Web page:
There has been a lot of talk lately about the value and accuracy of political science forecasts of election outcomes. Both Nate Silver at FiveThirtyEight.com and John Sides at the same site have made clear the strengths and weaknesses of these models.
Since my work was referenced in both posts, I write to underscore one thing that has not been highlighted enough in the conversation so far: The value in election forecasting based on economic indicators is in predicting which party will win --- not by how much that party will win. Why is this important? Because knowing which party is likely to win helps us understand the importance of the billion dollars spent on campaigns. Once we know the economic context and the prediction, we can systematically, and well in advance, strategize about how each party should go about crafting a winning message.
Let’s do a simple forecast: Change in GDP over two quarters prior to the election, presidential approval from July, and an incumbency indicator (Seth Hill, John Sides, and I have just run these models for 1948-2008 for a project we are working on). If we do this forecast from 1948 to 2008, we correctly predict which party wins 75% of the time.
Now, to be clear --- if we flipped a coin, we’d be right 50% of the time, on average. So, 75% is a decent improvement. Could we do better? Probably. For example, if we included the last trial-heat poll before the election we’d have a pretty good chance of getting the outcome right, but that’s not much of a forecast since it happens only a few days before the election. The beauty of our model is that we can run the model and make predictions in July.
I think there’s value in this – and to make that point, think about it this way: If you were considering a run for the presidency, would you want to know what this forecast predicts for your party? I think you would; 12 out the last 16 elections are correctly predicted by the model, of course you want to know what is says about your chances for winning.
But what if it says your party is likely to lose? As I lay out in The Message Matters, we learn a lot from the four elections that the forecasts get wrong (and so do potential candidates!) In 1960 and 1976 for example, the candidate who was not predicted to win based on a forecast actually won the election. How did that happen? And why is it so rare? A close reading of presidential campaign messages over the last 60 years reveals that it is rare because it is hard. It is hard to beat an incumbent in a growing economy; even if you are fighting a war in Vietnam. Even if you are mired down in conflict in Iraq and Afghanistan. Even if unemployment is 8%.
In 1960, John F. Kennedy turned the election into an all-out war for the future of the world with the Soviets on the other side. He made the contest about missiles, and who had more, but also about education and the arts. In speeches, he eloquently asked Americans to consider whose symphonies would be played in the great concert halls around the world --- our’s or their’s? And whose poetry would be read at great universities? He weaved the war with the Soviets into everything he talked about --- and eventually, Richard Nixon was talking about it, too. “High hopes?” Nixon said at one campaign stop. “We all have high hopes. I have high hopes, too. . .” High Hopes was one of Kennedy’s campaign theme songs.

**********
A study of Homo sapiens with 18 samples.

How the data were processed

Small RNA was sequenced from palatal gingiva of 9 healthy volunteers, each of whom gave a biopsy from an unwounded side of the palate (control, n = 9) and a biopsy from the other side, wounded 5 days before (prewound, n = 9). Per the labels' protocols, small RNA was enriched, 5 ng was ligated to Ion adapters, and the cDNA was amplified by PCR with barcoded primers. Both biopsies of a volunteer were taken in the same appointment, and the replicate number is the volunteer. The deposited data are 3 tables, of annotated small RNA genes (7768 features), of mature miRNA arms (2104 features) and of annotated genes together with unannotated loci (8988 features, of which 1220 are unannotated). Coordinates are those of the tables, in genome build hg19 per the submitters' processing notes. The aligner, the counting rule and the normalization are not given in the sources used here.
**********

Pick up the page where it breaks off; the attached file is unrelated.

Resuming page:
Here’s the take-away: campaigns matter. Maybe not in the wholesale manner that most pundits want candidates to believe (campaigns are not swaying 30 percent of the vote, for example), but they do matter -- and they are critical in many cases (precisely because they sway 3 percent of the vote!)
Who among us doesn’t think Al Gore would have won the 2000 election at the Electoral College level if he had connected himself to Bill Clinton’s growing economy? The forecasts for 2000 all predict a Gore victory and because he didn’t win the election, critics say the forecasting models are “wrong.” I say Gore was wrong! He didn’t talk about the economy, he didn’t take credit for the goods the Clinton administration brought to Americans --- and because he didn’t link himself to that growth, he narrowly lost the Electoral College. That is not a failure of the model – that is a failure of the candidate.
Back to the fundamental question: If you were running for president, would you want to know what political science forecasting models predict about your party’s fortunes? As Stanley Greenberg said, presidential candidates and their consultants ignore this work at their peril. If you are predicted to win, talk about the economy and own it. If you are predicted to lose --- find something else onto which the election can be reset. An issue on which you are closer to most voters and your opponent is constrained by an unpopular position. The latter is very hard and because of that, it is rare, which is why sometimes when we evaluate forecasts based on the economy it looks like campaigns don’t matter much --- but this is just because most candidates who are predicted to win understand they have to talk about the economic growth, and when they do that, they win! Only Gerald Ford in 1976 lost after implementing this strategy.
Election forecasts based on economic indicators are valuable not for their point-estimates, but for their overall predictions about which party is likely to win the election. They are valuable because they tell candidates what kinds of campaigns to run and they help analysts understand a priori, in a systematic manner, why some strategies are winning ones and others are not.